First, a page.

Fringe Fest 2019: What to see, what to skip

There are seven days left to catch some seriously good theatre at the annual fest. Here are a few of our critics' picks – and pans.


As the Fringe Fest heads into its second week, we’re highlighting some hits and misses from the more than 100 reviews featured in our reviews directory. The festival runs to July 14.

Highly recommended

After The Beep 

During Pamela Bethel’s high school years in the 1990s, she had the one thing every other teenager coveted: her own phone line. She also had her own analog answering machine, which forms the hilarious basis for this solo show.  See review.

Death Ray Cabaret 

Second City veterans and real-life couple Jordan Armstrong and Kevin Matviw write and star in this comedy cabaret full of sharp observations and clever improv. You’ll leave humming at least one of the songs, and likely massaging your cheeks from laughing so hard. See review.

Didn’t Hurt

Rodney Decroo’s smartly constructed solo performance goes deep inside the post-Vietnam War Coming Home narrative to explore the legacy of violence that ripples through the lives of damaged veterans and lives on in those around them. Over an absorbing 75 minutes the show becomes an indictment for a culture that’s indifference to poverty and war. See review.

Drama 101, A New Musical 

Preparing a party for their beloved high school drama teacher on the eve of her retirement, a bunch of students illustrate how she changed their lives in this funny, heartwarming and inspiring musical paean to the power of art. See review.

Emotional Labour

Jess Beaulieu and Luis Fernandes pinpoint the grievance many couples – especially those in heterosexual relationships – deal with: women carry the emotional load in a dynamic that spirals into an imbalance surrounding household chores, intimacy, finance and more. The show might leave audiences uncomfortable, but hopefully the play inspires people to talk about – rather than bury – those emotions. See review.

Night Feed

Sarah Joy Bennett’s play about an exhausted mom and her newborn infant exquisitely captures a moment in time that feels like an eternity. This is deeply honest storytelling and the performers keep it profoundly compelling. See review.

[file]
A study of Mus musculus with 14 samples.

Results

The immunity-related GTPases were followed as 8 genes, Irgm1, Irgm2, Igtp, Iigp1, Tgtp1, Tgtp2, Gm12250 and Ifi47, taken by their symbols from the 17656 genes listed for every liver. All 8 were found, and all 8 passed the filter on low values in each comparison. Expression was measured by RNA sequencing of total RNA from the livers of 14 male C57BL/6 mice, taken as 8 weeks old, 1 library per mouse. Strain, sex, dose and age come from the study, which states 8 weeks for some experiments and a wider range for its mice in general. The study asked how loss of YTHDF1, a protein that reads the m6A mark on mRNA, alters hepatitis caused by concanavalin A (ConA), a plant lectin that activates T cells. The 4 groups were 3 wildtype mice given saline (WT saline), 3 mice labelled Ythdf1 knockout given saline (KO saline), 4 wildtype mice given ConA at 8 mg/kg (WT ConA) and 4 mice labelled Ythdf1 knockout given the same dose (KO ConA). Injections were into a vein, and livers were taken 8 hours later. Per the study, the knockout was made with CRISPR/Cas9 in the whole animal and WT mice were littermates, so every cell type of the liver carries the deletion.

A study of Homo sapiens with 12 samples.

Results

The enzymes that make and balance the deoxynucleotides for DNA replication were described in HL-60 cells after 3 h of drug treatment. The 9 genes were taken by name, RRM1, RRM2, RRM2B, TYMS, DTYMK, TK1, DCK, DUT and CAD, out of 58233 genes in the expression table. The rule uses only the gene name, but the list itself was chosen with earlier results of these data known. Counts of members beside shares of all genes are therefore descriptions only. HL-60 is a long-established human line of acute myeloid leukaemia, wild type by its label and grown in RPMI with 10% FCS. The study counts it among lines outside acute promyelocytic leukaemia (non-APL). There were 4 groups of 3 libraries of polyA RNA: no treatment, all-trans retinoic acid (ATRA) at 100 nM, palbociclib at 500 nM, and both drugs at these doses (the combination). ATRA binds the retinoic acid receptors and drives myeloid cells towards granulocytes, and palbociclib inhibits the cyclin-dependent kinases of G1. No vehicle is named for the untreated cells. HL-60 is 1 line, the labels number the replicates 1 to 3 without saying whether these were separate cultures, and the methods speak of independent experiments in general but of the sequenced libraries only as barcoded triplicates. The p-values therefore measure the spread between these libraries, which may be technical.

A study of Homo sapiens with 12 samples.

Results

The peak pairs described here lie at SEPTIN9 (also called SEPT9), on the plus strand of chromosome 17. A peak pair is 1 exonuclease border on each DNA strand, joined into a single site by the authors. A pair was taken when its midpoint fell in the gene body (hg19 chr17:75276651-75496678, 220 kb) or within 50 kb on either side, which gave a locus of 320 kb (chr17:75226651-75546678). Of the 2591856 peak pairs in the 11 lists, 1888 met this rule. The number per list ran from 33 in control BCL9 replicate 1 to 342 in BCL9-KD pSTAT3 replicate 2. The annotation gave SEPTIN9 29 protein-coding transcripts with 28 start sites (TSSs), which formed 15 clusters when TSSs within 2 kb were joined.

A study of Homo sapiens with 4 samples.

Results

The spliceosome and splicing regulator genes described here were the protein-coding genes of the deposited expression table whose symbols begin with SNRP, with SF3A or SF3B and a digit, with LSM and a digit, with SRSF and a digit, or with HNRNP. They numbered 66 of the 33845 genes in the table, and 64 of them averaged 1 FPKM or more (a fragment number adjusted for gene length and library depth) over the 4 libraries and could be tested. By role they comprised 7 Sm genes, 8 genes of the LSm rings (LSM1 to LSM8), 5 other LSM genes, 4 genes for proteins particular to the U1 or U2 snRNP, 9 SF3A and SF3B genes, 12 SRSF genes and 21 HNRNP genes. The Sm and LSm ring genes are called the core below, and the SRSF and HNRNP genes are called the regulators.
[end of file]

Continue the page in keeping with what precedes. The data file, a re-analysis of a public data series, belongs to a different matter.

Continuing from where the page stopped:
Searching For Marceau 

In this unconventional and enthralling solo show about Trevor Copp’s love of mime, we’re treated to a talented performer who digs into his past to unpack how he thought outside the mime box to elevate his art, and how his father influenced his dedication to theatre. See review.

Tita Jokes

You don’t need to be Filipinx to get all the jokes in this hilarious musical sketch comedy, but the way members of Tita Collective embody their titas – an endearment for “aunt” in Tagalog – through song, dance, humor and storytelling, you might wish you were. See review.

Through The Bamboo

A touching and high-energy trip through Philippine mythology with both specific cultural touchstones and a universal message, this family-friendly show features standout performances by Angela Rosete and an emotionally moving Carolyn Fe. See review.

Woke ‘N Broke

There’s a lot of sketch shows at Fringe this year but this is the strongest so far. It’s a short 40 minutes and a sweet slice of clever satire by a young and hungry (to prove themselves, not for avocado toast) troupe of performers of colour. See review.

Not recommended

Boys Don’t Cry

Singer/songwriter Mateo Lewis explores complications with gender in a semi-autobiographical musical, but the park-and-bark blocking for every line delivery and song gets tiring – fast. This show contains an important message, but it unfortunately gets lost. See review.

Dom Mackie’s Poor Life Choices 

Dom Mackie’s stand-up comedy style solo show details the angst-filled vicissitudes of his young life that creates a lot of build-up but no follow-through. His alleged aim is to confess his mistakes and share what he’s learned, but his execution skims the surface and lacks polish. See review.

THE HEALING SHOW: Cosmic Cures For Catastrophic Cases 

Film and voice actor-turned-therapeutic touch healer Sophia Zoe has stories to tell and wisdom to share. What Zoe doesn’t have are the projection chops and production support to make her show work in this cavernous (and un-air conditioned) church sanctuary space. See review.

Herbeaver 

If there were a competition for how many sketches a comedy troupe could perform in an hour, Herbeaver would surely be in the running. But as a standalone show, the pacing feels unnecessarily rushed, a turnstile of half-baked ideas. See review.

The Peers 

INFEMOUS, the Montreal company led by Kate Hammer, states in its publicity material, “Representing every single one of the Bard’s plays in an hour is no easy feat… But, we are here. And we will do it.” The first thing to know is that they don’t. See review.

Plum Crazy

Plum Crazy is a modern whodunnit about deception and manipulation, but it never builds enough tension to create the right impact. There’s a clever twist that follows all the show’s shifting allegiances, but the characters are too thinly drawn to feel truly invested. Should hit harder than it does. See review.